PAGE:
Obesity remains a serious health problem and it is no secret that many people want to lose weight. Behavioral economists typically argue that “nudges” help individuals with various decisionmaking flaws to live longer, healthier, and better lives. In an article in the new issue of Regulation, Michael L. Marlow discusses how nudging by government differs from nudging by markets, and explains why market nudging is the more promising avenue for helping citizens to lose weight.
In Bootleggers & Baptists: How Economic Forces and Moral Persuasion Interact to Shape Regulatory Politics, economists Bruce Yandle and Adam Smith explain how money and morality are often combined in politics to produce arbitrary regulations benefiting cronies, while constraining productive economic activities by the general public.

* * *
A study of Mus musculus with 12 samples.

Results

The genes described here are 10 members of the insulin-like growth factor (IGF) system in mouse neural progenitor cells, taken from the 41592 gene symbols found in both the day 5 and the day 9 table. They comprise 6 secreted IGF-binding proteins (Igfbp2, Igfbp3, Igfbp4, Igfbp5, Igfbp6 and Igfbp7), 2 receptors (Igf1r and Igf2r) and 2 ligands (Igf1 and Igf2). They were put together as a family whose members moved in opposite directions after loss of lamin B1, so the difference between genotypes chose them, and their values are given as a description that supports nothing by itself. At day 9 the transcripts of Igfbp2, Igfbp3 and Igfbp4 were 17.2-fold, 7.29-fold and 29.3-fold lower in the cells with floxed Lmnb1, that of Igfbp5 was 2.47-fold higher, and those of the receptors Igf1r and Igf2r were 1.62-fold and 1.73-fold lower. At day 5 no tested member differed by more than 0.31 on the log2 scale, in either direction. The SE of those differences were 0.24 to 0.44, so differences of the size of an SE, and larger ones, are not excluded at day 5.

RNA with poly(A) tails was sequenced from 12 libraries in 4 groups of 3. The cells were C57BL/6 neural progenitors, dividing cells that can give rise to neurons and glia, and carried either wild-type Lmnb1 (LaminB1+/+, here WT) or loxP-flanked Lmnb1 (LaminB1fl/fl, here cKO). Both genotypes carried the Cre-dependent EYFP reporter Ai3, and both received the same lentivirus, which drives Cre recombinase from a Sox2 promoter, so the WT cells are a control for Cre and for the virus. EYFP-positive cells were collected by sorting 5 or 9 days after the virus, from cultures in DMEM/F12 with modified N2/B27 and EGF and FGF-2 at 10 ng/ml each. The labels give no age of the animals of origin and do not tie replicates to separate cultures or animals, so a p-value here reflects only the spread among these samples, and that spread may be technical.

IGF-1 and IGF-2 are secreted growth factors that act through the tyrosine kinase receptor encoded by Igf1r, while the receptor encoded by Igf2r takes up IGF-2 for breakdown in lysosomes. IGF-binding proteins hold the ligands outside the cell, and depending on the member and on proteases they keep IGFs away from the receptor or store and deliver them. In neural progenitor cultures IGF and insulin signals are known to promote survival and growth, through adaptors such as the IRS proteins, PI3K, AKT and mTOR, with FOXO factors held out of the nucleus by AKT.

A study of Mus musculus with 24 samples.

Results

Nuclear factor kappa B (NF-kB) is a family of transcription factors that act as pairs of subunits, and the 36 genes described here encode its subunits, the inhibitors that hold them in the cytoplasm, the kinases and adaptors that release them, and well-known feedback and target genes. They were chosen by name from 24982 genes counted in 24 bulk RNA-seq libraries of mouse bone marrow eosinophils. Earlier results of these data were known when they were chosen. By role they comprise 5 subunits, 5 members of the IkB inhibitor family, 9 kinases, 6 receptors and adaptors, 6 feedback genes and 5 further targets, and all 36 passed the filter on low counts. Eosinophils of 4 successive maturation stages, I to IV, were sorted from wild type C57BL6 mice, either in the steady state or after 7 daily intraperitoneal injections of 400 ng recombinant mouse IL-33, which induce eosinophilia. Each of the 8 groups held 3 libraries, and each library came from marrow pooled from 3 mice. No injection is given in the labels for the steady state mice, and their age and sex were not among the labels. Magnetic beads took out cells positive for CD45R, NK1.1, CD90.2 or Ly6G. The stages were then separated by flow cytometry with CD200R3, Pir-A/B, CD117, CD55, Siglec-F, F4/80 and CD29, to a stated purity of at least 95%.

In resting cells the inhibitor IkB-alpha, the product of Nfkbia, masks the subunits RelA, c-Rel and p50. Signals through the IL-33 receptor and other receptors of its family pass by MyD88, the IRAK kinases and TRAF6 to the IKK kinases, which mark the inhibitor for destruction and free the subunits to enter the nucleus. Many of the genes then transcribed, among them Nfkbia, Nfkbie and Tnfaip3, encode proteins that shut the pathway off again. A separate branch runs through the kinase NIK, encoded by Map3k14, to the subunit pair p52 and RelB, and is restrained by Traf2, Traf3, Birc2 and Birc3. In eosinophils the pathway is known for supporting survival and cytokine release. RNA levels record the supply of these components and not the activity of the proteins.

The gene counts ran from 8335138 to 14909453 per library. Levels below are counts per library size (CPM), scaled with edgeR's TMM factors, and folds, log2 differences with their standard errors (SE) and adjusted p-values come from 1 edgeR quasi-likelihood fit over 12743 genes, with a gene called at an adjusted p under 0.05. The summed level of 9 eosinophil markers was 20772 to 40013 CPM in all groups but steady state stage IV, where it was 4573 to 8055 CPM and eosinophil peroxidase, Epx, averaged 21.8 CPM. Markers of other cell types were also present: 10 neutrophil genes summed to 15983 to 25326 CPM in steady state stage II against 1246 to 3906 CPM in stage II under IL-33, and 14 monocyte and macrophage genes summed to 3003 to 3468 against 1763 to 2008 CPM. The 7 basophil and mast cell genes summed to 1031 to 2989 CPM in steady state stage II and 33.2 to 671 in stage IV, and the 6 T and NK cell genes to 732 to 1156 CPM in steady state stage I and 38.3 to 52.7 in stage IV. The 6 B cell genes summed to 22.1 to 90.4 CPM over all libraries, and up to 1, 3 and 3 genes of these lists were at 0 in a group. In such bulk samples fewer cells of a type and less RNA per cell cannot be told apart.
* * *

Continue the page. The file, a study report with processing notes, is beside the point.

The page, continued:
featuring Sen. John Cornyn (R-TX) and a debate between Roger Pilon, Director, Cato Institute Center for Constitutional Studies, and John Echeverria, Executive Director, Georgetown Environmental Law and Policy Institute
The public outcry that followed the Supreme Court’s decision last June in Kelo v. New London has been loud and sustained. Americans have awakened at last to the power of government to take their homes and businesses and transfer title to others—all in the name of “economic development.” In response, legislatures across the country, including in Congress, are introducing measures to better protect the rights of owners. Sen. John Cornyn, a member of the Senate Judiciary Committee and a former justice on the Texas Supreme Court, has introduced one such bill. Please join us for a discussion of what Congress is doing to protect owners, followed by a debate over the issues at stake.